Before anything else, if you’re planning to cross the border to Cambodia from Vietnam, book your ticket at least a week prior to your trip. A mistake on my part not to reserve a ticket in advance, Giant Ibis and Mekong Express were already fully-booked. The staff from The Common Room Project was able to find a seat for me but on Sapaco Tourist bus line.
The bus line has several schedules for Phnom Penh with 6 AM as the earliest. I availed the 8 AM schedule and went to their office at 325 Pham Ngu Lao, 30 minutes before the scheduled departure. At about 8 AM, everyone was called and informed to proceed to 23/9 Park where the buses wait.
After 2.5 hours on the road, we reached the exit point in Moc Bai. Everyone was required to go down the vehicle and enter a building, more of a warehouse. On the right, when you enter the complex, were people queuing and waiting for their passport to be stamped.
During my experience, there was no x-ray scanning made so we weren’t required to take our stuff out of the bus. Tip here is to find the bus attendant who took your passport when you left Ho Chi Minh City. Search for him on the lines as he will be the one to call out your name and give your passport back after the immigration officer put the exit stamp on it. We were accommodated on the leftmost lane. Exit the Vietnam side by letting an officer check your passport for one last time. Please ensure that the Cambodian arrival card, that the bus attendant filled up for you, is somewhere between your passport. This will save you time on the Cambodian side.
When all passengers are back on the bus, you will travel for about 3-5 minutes to the Cambodian entry point in Bavet. Again, everyone will go down and personally meet the Cambodian immigration officer for taking of picture and fingerprints (no taking of fingerprints happened in my experience).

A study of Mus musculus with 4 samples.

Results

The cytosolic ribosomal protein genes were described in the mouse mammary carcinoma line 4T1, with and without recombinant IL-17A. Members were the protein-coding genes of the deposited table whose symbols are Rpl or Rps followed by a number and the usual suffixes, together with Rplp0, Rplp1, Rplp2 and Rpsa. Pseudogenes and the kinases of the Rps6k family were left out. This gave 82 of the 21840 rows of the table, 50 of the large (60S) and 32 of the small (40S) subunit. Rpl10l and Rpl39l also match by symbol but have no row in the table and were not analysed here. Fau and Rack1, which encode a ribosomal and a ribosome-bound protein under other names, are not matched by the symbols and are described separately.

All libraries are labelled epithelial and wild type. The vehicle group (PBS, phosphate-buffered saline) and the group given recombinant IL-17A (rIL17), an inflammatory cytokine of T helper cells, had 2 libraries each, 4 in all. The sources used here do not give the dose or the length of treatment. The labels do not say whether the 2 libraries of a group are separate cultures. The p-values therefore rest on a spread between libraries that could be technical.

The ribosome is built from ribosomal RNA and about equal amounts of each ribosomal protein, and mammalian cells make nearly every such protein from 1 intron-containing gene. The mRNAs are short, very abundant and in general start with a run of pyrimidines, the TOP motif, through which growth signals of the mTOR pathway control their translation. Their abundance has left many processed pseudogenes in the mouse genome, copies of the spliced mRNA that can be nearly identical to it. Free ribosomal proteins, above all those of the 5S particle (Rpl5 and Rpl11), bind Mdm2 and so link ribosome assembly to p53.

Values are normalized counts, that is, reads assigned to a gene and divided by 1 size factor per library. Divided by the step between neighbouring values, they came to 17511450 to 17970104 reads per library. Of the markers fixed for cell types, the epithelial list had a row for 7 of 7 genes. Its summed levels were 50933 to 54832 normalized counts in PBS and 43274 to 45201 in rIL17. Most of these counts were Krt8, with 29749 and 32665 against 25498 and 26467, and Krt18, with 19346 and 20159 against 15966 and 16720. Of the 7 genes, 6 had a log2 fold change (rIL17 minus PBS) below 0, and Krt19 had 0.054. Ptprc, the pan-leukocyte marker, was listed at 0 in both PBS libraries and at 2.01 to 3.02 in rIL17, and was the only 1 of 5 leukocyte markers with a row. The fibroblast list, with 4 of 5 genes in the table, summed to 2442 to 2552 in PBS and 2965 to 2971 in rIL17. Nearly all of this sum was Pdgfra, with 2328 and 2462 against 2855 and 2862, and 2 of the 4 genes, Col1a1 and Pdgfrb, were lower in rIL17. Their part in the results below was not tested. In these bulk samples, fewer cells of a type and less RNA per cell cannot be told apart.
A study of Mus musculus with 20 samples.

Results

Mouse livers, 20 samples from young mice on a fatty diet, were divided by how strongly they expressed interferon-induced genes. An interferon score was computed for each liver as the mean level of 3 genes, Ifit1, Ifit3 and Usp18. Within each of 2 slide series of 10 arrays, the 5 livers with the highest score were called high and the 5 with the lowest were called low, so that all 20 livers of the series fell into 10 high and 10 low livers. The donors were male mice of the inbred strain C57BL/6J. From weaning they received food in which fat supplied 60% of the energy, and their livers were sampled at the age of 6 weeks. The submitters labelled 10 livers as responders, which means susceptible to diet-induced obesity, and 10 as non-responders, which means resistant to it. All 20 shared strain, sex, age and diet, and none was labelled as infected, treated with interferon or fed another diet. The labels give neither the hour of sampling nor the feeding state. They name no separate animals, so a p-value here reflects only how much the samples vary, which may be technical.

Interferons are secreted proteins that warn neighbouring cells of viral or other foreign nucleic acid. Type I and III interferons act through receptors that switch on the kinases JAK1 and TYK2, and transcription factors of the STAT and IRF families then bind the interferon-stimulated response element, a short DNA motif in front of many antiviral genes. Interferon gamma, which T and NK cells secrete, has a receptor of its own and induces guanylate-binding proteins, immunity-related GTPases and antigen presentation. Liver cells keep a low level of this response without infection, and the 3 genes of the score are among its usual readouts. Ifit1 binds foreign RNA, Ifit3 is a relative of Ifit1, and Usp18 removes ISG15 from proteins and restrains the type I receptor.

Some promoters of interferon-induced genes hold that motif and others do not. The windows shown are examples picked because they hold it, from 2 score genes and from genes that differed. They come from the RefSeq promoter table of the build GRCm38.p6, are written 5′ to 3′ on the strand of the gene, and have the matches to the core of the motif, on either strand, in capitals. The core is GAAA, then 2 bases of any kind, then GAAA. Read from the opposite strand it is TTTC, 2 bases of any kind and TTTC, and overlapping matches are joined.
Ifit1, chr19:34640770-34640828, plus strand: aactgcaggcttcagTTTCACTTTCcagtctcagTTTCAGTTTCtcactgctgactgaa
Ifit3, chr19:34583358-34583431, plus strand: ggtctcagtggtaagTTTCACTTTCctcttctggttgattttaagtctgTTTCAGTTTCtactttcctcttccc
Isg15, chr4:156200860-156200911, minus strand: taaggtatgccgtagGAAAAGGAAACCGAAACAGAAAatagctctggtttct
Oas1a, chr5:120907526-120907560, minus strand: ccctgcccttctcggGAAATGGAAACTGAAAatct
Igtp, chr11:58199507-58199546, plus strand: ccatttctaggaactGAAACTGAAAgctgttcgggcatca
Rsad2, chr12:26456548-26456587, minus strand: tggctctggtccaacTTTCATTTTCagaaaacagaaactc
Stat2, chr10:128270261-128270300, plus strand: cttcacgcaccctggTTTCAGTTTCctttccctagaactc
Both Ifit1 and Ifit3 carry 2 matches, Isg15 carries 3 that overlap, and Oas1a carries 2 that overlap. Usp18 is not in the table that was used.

For visa-free passports.
If you are from Indonesia, Laos, Malaysia, Vietnam, and Singapore, you’re not required to get a visa and can stay up to 30 days. In addition to these are Philippines (21 days) and Thailand (14 days).
For visa-on-arrival passports.
For nationals who need visa-on-arrival, let the bus attendant know that you need one so he could assist and instruct you with the visa processing. Visa-on-arrival in Cambodia is 30USD and the bus attendant usually asks for 5USD as his service fee.
The immigration officer didn’t ask for a fingerprint scan and immediately returned my passport after putting my entry stamp. He also stapled the departure card in one of the pages of my passport. When you pass the last officer for checking, you’re now ready to explore Cambodia.
After crossing the border, the bus crew usually have their lunch on a stopover somewhere depending on the bus line. You could also utilize this time to eat your lunch before another 3-4hrs travel to Phnom Penh, or 10 hours to Siem Reap.
Rice with sautéed vegetables is 1USD and most viands at 2USD. Please be aware that when you pay them in USD, your change might be in Cambodian Riel (KHR). I had a plateful of rice and a fish stewed and simmered in soy sauce for 3USD. When I gave them a 5USD bill, the guy gave me 12000KHR, so that’s 1USD for 6000KHR. KHR and USD are both accepted in Cambodia and the standard conversion of locals is 1USD = 4000KHR. You can also pay them with Vietnamese Dong if you still have some.
It was a nerve-racking first border crossing experience for me. Have you tried crossing the Vietnam-Cambodia border via Moc Bai-Bavet in the past? Kindly share us your experience by leaving a comment below.